Developing X Windows Servers for Android

One of my kids recently closed a pair of ear buds in my wife’s HP notebook, severely damaging the LCD display. While I’m building up inspiration to replace the LCD, she’s sitting at my Asus/Xubuntu notebook and using a Secure Shell (SSH) to remote into her HP running Xubuntu, using the -X option. This lets her run Firefox, Thunderbird, and other programs, remotely, while displaying the windows on my notebook. For now, it’s an acceptable situation for her.

Then, I got the bright idea that we might be able to do the same thing with the Asus tablet.

Well, not so fast.

Few and Far Between

It turns out there’s been very little development of X-Windows servers for Android. I’m not talking about remote control programs, such as, Remote for VLC or Remote VNC,  but something else. What I wanted was to run my X Windows application on my Linux notebook (or my wife’s machine) and have it show up on my Transformer Prime tablet.

Recently, I found a basic X server for Android that kind of works.

Matt Kwan, a PhD candidate at RMIT University in Melbourne, Australia, has somehow found the time between his studying to write a primitive X server for Android.

He admits, however, significant development on the project is still needed.

How it Works

Kwan’s software starts an X server on a tablet, which allows you to remotely log into your remote Linux box.  The Android X Server relies on a ConnectBot Android app for SSH duties and it works fairly well.

I’ve been able to run some very basic X applications like xeyes, xcalc, etc. But large complex programs like Firefox, Google Chrome and even a very lightweight Netsurf browser can crash and burn. Hey, it’s a start.

The software allows one of two choices:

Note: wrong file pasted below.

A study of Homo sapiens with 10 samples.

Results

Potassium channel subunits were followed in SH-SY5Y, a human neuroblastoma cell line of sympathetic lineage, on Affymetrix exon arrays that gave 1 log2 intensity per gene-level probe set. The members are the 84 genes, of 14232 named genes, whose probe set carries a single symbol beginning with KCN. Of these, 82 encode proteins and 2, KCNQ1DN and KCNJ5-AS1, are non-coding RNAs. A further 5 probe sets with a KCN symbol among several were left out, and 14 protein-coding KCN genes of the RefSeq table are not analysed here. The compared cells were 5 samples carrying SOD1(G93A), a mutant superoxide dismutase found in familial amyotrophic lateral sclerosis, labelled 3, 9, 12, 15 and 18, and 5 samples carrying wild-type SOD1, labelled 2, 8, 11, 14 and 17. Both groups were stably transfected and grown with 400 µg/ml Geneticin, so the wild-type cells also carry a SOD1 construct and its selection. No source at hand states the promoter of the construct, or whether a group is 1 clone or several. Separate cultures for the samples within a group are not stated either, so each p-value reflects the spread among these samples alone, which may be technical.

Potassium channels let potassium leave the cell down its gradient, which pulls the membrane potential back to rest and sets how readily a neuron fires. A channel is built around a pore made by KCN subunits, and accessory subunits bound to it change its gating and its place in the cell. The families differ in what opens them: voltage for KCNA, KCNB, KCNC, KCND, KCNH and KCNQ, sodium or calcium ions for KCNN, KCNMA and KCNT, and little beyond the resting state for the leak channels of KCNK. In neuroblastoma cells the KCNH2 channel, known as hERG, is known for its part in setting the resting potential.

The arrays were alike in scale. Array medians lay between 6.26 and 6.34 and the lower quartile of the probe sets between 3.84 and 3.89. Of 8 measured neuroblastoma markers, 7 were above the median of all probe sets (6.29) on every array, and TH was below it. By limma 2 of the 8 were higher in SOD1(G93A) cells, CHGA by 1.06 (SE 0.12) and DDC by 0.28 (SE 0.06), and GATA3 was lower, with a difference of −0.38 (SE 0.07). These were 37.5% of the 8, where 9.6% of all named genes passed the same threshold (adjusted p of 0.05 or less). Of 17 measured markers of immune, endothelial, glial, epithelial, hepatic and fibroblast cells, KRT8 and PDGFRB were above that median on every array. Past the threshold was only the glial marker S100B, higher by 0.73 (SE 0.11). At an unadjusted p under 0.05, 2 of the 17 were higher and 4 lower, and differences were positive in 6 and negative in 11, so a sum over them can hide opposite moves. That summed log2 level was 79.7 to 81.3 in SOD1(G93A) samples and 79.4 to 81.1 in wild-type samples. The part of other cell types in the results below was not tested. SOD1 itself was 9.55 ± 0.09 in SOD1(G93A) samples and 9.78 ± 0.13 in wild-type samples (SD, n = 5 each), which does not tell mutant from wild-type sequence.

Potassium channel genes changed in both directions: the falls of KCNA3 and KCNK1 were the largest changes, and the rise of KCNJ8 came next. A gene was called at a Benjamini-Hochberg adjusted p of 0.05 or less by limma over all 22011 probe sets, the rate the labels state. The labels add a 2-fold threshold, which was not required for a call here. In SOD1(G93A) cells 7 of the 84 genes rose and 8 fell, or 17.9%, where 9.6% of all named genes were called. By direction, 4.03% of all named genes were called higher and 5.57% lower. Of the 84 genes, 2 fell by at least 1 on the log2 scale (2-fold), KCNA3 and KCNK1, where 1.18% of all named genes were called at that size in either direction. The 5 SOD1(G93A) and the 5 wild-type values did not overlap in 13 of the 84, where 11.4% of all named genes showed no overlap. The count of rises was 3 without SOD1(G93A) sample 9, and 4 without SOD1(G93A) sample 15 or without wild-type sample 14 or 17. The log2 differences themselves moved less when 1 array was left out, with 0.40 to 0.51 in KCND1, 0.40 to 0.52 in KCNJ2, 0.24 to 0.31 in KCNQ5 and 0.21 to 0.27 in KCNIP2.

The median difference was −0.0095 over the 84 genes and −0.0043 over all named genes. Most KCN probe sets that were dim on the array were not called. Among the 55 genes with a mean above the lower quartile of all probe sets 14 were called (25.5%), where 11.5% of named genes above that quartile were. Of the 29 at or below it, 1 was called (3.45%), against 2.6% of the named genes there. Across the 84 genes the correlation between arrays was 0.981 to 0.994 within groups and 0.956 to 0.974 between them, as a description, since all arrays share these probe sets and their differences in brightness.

• Run an X program directly from the notebook, displaying the output on the tablet. It looks something like this: rob-notebook$ xeyes -display (sitting on a terminal on my Asus notebook)
  • Start up a window manager in the tablet and SSH into a Linux machine like FVWM. You can run programs from the menu, however, it’s kind of clunky.

On the Transformer tablet screen, move the cursor around with your finger. The “up” volume rocker switch serves as the left mouse button and the “down” volume switch is the right mouse.

Results, Please…

As you would expect, the response time is pretty darn slow. The X Windows network traffic is constantly going back and forth between the tablet and Linux notebook on every little move.

I even tried other window managers, like Enlightenment, icewm and xfce. Sadly, I received a bunch of errors and all refused to run.

X Server on Android has a long way to go, before it becomes stable and is actually usable. It’s a start, however.

Feel free to share any alternative applications, or opinions, on X server for Android tablets in the comments area.


  1. I have installed it on an ASUS transformer Pad (on work). I have spend some couple of hours searching for a ssh client that performs X11 forwarding (ConnectBot does not and it was needed at work). No success. I have brought the tablet home to test the server without needing this X11 forward.

    It is unusable. It works enough for xeyes or xclock, but not for xterm. Maybe fonts are missing ?

    This is really sad that such basic stuff like Xserver and ssh X11 forwarding are missing. All the windows PC around me have putty and an Xserver (either Xming, reflection X or exceed).

    According to my first search, it exists on iOS (ipod). Could anyone confirm ?

  2. Merlin Ludwig

    I have been keeping my eyes on this particular app. It seems to me that android, being a part of the linux family (as of kernel version 3.4) it is rather sad that there isnt more of an effort in porting the full linux systems to android.